Consumer Genetic Privacy Manual
When Watson and Crick unraveled the structure of DNA they paved the way for tremendous advances in science and medicine. That discovery has facilitated the development of diagnostic tests which can predict the likelihood of suffering from certain diseases. It has enabled scientists to investigate new ways of producing drugs and treatments. However, all scientific advances carry potentially detrimental consequences and this is as true of genetic technologies as it is of nuclear power or the internal combustion engine. Currently, among the areas of progress in genetics has been the development of tests that claim predictive knowledge of disease onset.
Scientists have already identified genetic markers for various diseases and health conditions, including cancer, diabetes, Alzheimer’s disease, Huntington’s disease, cystic fibrosis, and potentially thousands of others. Genetic tests are currently available to identify predispositions to specific conditions, and more are expected as science advances. Although none of these tests predict with full certainty that a condition will develop, they provide a new opportunity for individuals to know more about the potential risk of disease for themselves and their families. Once informed about their genetic status, individuals can take proactive steps to protect their health, enhance their well-being, and lower health care costs for themselves and society as a whole.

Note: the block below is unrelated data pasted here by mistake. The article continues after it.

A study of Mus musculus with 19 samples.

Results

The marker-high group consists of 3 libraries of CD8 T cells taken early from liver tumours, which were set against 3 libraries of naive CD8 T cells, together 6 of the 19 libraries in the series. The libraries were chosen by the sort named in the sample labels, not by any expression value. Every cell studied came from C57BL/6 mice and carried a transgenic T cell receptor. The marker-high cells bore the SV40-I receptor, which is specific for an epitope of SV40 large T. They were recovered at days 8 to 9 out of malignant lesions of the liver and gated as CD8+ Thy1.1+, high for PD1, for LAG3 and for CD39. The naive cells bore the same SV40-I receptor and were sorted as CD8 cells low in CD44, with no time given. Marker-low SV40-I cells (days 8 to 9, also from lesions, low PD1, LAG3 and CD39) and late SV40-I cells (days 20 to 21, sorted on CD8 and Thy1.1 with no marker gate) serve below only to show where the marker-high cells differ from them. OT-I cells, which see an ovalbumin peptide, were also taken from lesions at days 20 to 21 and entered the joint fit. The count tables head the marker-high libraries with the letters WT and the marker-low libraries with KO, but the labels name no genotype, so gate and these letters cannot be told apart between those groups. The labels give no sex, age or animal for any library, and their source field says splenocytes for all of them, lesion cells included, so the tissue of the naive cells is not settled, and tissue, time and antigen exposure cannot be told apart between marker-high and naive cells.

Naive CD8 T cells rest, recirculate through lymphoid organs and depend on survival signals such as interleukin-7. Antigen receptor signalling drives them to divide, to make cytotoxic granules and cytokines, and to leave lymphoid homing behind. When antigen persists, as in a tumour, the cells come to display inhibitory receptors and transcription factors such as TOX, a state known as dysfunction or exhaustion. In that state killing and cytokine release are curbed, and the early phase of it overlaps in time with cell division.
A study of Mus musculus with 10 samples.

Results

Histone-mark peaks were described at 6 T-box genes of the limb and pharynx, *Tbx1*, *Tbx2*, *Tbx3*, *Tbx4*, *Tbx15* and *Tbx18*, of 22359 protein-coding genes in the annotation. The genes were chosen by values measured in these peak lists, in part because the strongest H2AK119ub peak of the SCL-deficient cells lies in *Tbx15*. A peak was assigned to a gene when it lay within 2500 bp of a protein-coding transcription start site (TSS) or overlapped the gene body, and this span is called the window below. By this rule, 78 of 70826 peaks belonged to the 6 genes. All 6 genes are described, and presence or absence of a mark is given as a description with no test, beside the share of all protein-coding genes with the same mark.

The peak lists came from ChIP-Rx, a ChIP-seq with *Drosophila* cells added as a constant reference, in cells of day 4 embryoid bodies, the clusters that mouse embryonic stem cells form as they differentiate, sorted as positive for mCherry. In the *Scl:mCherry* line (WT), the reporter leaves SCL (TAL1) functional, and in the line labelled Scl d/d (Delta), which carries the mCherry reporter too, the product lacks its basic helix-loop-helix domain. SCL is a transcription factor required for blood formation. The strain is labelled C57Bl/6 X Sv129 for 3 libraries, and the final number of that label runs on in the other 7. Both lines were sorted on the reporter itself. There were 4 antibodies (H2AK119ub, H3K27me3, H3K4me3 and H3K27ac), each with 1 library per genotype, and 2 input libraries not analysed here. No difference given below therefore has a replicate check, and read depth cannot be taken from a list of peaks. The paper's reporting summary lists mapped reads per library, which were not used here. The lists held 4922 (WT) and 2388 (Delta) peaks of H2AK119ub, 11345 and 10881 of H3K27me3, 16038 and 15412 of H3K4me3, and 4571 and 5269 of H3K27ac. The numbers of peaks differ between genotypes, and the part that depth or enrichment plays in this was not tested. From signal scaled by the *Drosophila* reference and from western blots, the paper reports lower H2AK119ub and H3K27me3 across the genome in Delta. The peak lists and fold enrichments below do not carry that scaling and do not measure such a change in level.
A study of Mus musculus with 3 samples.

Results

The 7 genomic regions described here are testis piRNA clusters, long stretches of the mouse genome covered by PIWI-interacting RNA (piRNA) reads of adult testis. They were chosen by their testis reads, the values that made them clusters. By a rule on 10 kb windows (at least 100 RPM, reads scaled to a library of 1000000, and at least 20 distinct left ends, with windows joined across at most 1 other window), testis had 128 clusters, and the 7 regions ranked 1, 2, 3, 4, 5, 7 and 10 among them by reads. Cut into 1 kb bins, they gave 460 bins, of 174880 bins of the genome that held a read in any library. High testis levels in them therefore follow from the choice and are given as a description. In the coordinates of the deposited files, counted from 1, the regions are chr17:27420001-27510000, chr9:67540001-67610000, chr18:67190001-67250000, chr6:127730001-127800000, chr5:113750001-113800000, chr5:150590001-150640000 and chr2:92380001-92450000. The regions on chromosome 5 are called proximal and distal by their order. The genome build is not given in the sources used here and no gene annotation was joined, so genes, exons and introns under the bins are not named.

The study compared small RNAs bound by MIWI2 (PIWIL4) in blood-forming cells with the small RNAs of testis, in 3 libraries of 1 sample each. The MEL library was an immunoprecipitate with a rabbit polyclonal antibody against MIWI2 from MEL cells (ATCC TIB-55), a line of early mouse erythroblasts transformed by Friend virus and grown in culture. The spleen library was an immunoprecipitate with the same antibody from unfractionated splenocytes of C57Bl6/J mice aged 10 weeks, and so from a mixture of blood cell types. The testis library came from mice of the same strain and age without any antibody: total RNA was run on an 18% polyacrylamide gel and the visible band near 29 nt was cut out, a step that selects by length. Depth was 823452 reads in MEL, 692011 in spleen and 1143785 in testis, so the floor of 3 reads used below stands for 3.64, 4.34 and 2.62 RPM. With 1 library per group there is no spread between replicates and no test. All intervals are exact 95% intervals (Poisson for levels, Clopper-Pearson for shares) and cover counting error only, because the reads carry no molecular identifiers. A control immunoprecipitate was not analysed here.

Developments in human genetic technology, including those in the area of predictive genetic testing are promoted as holding great potential for improving health and economic growth. However, these developments also warrant concern about the privacy of genetic information and the potential uses to which such information may be put. Two emerging closely-related issues have created particular disquiet: genetic privacy and genetic discrimination; that is, the protection of individual genetic information and the differential treatment of individuals on the basis of actual or presumed genetic differences. While this may potentially take the form of positive or negative treatment, concern have focused on the use of genetic information by third parties which is prejudicial to a person's interests, such as the exclusion from insurance or employment.
There has been much debate as to whether genetic information warrants special protection. Without disputing that other health information may be equally sensitive, particular attention is justified in this area because of the predictive capacity of genetic information and the tendency to treat what is usually only probalistic information about genetic risk as determinative of a person's future health status. Because of the novelty of these developments, knowledge about the implications of genetic test information is presently incomplete, even in the science and medical community, let alone amongst third parties in the commercial sector that may have an interest in accessing the genetic information of individuals. In these circumstances, there is a real risk that this information may be misinterpreted or misunderstood. As consumers in an increasingly geneticized marketplace, it is vital to understand who is entitled to obtain our genetic information and the uses to which it can be put.